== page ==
The Carolina Panthers found themselves in a strange spot on Monday in the first practice after a bye week.
But punter Michael Palardy found a potential opportunity to brush the dust off a skill not many know he possesses.
The Panthers’ two backup quarterbacks, Derek Anderson and Garrett Gilbert, were sick and contagious and had to be sent home from the team’s facilities, coach Ron Rivera said.
That left starter Cam Newton alone as the only player who could get receivers their repetitions out of the bye – or so the team thought.
Instead, Rivera called over Palardy as the team was stretching, and told him they’d probably go with him as a backup arm in a period of drills that day, during which Palardy would take nine snaps at quarterback.
Palardy all but skipped delightfully back across the field to tell his fellow specialists, who immediately began hooting with glee. Long snapper J.J. Jansen also wondered aloud what this year’s franchise tag contract looks like for a quarterback, as opposed to a punter.
“I was so pumped,” said Palardy. “I was so, so excited. ... I haven’t taken live snaps since I was 15. I was relishing the moment. I was like, ‘I’m excited. I’m pumped.’
The punter attended St. Thomas Aquinas High in Florida, a noted powerhouse in high school football, where he played quarterback his freshman and sophomore years. He also kicked and punted, so if he threw a touchdown pass, he’d just stay on the field to notch the extra point.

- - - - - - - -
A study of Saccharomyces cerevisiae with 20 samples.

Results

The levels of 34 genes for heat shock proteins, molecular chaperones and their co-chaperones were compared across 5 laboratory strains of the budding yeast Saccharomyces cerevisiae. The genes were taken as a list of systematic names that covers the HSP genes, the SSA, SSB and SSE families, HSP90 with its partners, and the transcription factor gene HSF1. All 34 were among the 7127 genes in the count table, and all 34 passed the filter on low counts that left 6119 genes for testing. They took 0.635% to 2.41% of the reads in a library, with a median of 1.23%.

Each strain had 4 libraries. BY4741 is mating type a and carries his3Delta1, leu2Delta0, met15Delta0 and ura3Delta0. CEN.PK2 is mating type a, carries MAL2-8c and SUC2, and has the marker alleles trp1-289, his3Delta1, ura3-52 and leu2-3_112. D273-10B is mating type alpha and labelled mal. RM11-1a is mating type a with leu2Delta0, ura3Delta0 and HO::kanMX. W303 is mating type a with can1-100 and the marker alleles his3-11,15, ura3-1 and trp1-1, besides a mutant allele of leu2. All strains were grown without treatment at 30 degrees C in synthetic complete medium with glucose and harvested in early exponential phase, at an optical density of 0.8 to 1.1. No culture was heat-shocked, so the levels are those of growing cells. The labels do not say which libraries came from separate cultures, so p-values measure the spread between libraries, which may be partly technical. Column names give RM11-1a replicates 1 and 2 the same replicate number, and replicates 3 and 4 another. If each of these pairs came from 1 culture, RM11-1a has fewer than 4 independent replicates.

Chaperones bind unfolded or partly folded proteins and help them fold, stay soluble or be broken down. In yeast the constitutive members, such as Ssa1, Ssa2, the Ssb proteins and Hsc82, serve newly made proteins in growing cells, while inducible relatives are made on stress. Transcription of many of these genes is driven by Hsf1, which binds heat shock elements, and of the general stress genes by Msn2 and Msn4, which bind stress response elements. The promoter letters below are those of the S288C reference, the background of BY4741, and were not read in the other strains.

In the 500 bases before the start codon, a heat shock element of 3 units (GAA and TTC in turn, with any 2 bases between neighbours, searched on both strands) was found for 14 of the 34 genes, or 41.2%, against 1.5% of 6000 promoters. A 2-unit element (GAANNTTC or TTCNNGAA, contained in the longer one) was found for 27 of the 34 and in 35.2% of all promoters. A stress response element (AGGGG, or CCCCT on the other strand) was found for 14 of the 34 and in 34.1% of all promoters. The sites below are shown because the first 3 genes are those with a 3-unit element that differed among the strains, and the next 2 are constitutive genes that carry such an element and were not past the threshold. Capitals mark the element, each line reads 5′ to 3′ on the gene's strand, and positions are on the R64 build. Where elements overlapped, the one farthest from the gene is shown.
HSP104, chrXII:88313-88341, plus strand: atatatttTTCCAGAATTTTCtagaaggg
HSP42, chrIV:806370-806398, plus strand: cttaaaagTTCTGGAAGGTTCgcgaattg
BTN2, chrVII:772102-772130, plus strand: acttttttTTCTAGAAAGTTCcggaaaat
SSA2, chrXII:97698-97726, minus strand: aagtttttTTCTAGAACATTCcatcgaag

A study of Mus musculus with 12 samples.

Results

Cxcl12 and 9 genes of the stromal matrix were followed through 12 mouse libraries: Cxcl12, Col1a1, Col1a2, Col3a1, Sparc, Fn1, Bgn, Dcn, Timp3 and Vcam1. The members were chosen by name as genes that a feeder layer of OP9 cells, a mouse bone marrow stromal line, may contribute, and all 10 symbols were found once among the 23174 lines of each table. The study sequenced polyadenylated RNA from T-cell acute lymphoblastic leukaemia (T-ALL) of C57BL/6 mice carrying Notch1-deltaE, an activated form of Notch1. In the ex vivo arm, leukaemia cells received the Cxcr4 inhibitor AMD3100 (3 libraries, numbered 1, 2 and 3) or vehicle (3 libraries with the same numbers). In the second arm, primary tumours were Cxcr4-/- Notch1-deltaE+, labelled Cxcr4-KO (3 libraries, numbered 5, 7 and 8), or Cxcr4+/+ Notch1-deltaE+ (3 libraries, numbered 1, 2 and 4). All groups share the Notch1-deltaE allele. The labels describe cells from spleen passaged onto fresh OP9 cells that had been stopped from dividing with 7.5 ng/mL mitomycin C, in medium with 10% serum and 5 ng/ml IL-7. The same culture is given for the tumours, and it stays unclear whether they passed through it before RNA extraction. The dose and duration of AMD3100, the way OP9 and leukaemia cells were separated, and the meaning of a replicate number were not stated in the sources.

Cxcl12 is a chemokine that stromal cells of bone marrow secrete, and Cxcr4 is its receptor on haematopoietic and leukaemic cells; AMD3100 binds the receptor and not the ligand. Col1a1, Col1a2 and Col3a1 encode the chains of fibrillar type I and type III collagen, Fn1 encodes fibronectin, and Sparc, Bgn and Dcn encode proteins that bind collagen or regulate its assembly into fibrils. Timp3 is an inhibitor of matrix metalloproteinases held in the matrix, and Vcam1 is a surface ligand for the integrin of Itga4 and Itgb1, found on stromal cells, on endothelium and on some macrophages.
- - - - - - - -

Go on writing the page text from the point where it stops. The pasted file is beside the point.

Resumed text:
“I was always out there for first, second, third or fourth down,” he said. “If I had to punt, I punted. If I had to kick, I kicked. And then once we scored, if I threw the touchdown or whatever it was, I’d throw the extra point. And then I’d stay out for the ensuing kickoff and kick (the ball) off.”
Palardy was ultimately beaten out at quarterback by Jake Rudock, who is on the Detroit Lions roster after playing for Iowa and Michigan, and Ryan Becker, now the assistant director of football operations at Penn.
On Monday, he was also beaten out by quarterbacks coach Ken Dorsey as the go-to backup in camp.
Dorsey was the winningest quarterback in school history at the University of Miami, where he played from 1999-2002 and won a national title in 2001.
His credentials at the position do outweigh Palardy’s, but the punter still said he was “crushed” when Rivera decided to go with Dorsey instead (a reaction that caused the head coach to laugh out loud in his press conference later in the day).
“Man, I was distraught. It was like somebody ripped my heart out and stepped on it,” Palardy said.
Kicker Graham Gano reacted by ripping off his beanie and animatedly throwing it to the ground when a dejected Palardy shared the news.
Dorsey was intercepted once in practice, by safety Jairus Byrd, but Palardy joked that he would have gone 9-for-9 in the drill.
Rivera said he just wanted to preserve the health of the punter, who ranks No. 5 in the NFL in net punting, with an average of 43.3 yards per punt.
“We figured it was safer than having Palardy do it,” Rivera grinned. “We figured Kenny’s expendable, and Palardy’s a little bit more valuable. We can’t have someone running into him.”